The key to making natural gas work in trucking operations is to view it as a “long-term play,” according to a bevy of experts gathered by Peterbilt Motors Co. for its Natural Gas Leadership 2012 event held this week at its headquarters in Denton, TX, and at the Texas Motor Speedway.

[To view photos of Peterbilt’s event, click here.]

For example, Kelly Mills, western U.S. territory sales manager for natural gas engine maker Westport Innovations, pointed out that fleets spec’ing his company’s 15L liquefied natural gas (LNG) fired product are going to lose money during the first year or two of their truck ownership cycle – largely because of the $80,000 extra a Class 8 heavy-duty natural gas truck costs versus a traditional diesel-powered model.

“But that all changes in year three and beyond of the ownership cycle,” he stressed, for that’s when the fuel price differential between natural gas and diesel fuel begins to fall to the bottom line.

Right now, natural gas costs approximately $2.50 per diesel gallon equivalent (DGE) compared to diesel fuel, which is now averaging $4 per gallon in the U.S. “That equates to a fuel savings of $20,000 to $40,000 per year, depending on your annual truck mileage,” he said.

Looking long term is also critical in terms of gauging the cost of future fuel supply as well, noted David Jaskolski, senior account manager for Southeast LNG, a transportation-focused division of natural gas supplier AGL Resources.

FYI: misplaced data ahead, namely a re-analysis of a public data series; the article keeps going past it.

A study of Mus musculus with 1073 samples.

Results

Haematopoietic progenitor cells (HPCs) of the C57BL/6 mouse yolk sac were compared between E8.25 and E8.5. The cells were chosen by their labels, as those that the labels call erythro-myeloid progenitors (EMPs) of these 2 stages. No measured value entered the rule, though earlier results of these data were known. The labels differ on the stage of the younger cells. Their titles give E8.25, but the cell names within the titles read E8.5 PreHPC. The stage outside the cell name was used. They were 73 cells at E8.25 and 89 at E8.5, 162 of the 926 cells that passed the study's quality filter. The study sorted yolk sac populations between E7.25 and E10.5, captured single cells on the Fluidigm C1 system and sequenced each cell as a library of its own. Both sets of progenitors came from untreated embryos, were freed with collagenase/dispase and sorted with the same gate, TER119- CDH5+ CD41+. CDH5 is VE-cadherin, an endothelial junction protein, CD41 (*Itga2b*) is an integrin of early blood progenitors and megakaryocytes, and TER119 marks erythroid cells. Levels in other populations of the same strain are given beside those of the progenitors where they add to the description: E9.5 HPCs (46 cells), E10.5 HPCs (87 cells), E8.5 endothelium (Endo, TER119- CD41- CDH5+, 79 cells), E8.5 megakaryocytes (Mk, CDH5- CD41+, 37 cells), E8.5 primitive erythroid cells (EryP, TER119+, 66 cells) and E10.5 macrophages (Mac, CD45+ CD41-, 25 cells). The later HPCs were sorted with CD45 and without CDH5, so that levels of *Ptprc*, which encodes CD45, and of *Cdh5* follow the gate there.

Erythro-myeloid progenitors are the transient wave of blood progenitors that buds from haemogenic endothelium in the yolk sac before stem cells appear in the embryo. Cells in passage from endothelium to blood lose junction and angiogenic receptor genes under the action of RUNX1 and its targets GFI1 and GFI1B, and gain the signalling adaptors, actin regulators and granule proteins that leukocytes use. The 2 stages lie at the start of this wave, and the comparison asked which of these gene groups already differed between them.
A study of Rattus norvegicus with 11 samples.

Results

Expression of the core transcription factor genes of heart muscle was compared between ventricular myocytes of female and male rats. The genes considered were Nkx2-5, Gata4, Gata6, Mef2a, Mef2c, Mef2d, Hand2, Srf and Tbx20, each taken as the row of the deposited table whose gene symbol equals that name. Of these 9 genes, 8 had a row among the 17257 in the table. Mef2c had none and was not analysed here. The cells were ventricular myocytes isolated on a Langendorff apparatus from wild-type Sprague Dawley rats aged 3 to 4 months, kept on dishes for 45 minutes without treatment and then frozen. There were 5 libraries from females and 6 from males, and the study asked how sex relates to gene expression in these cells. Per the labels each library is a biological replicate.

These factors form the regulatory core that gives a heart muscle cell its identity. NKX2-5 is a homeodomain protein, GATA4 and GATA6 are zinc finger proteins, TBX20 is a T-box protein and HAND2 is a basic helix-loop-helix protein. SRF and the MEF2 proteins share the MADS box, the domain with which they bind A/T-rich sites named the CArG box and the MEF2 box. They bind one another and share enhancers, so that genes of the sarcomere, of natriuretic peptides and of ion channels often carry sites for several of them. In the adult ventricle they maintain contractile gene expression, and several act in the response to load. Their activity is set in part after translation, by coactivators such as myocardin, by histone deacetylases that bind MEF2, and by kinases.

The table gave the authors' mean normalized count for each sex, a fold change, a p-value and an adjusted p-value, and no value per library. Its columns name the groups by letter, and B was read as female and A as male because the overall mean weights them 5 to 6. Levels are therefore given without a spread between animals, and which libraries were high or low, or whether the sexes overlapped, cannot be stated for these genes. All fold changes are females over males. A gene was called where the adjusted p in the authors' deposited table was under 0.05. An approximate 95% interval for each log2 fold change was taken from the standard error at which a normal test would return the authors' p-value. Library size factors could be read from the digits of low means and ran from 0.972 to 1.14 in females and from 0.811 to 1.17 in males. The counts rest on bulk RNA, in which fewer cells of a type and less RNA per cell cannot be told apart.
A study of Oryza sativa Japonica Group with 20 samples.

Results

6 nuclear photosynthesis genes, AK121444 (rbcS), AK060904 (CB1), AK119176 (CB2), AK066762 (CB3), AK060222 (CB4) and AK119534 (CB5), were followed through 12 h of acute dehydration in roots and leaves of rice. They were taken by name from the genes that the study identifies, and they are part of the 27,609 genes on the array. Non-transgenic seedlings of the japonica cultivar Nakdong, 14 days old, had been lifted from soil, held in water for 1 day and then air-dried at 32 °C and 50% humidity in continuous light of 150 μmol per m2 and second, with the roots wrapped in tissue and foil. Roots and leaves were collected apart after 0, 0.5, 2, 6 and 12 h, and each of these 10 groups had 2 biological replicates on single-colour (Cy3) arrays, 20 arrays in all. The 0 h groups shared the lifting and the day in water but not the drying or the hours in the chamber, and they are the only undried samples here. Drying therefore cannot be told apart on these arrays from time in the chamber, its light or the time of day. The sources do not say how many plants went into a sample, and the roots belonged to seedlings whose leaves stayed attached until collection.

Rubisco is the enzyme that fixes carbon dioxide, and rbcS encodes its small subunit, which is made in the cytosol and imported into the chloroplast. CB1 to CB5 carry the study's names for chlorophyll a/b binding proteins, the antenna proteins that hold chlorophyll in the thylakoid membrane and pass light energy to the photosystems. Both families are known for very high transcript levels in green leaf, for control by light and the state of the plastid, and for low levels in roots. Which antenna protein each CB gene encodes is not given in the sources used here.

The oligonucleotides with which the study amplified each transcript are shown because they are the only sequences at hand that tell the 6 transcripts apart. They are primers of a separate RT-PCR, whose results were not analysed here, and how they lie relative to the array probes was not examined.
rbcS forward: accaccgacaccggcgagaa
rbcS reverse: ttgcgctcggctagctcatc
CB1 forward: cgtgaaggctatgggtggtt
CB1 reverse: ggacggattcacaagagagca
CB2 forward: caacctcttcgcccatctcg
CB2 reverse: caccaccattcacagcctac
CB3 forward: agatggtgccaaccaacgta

“It’s not just what the equivalent gallon price of natural gas is on any given day – it’s the spread between natural gas and oil futures that’s important,” he explained.

Oil is traded on the global market and is thus subject to many different pricing pressures, not all of them supply-and-demand related, Jaskolski pointed out. “However, the bulk of the natural gas U.S. transportation would rely upon is in North America,” he stressed, with 87% of it coming from the U.S. and another 12% from Canada.

That “stranded” domestic supply means natural gas prices are much less volatile, and with a current projected 100-year supply of natural gas in the U.S. alone, would be able to sustain a significant pricing spread that would benefit users when compared to oil.

“Even if significant exports of LNG were to occur from the U.S. to the world market, it would not affect that [pricing] spread,” he said.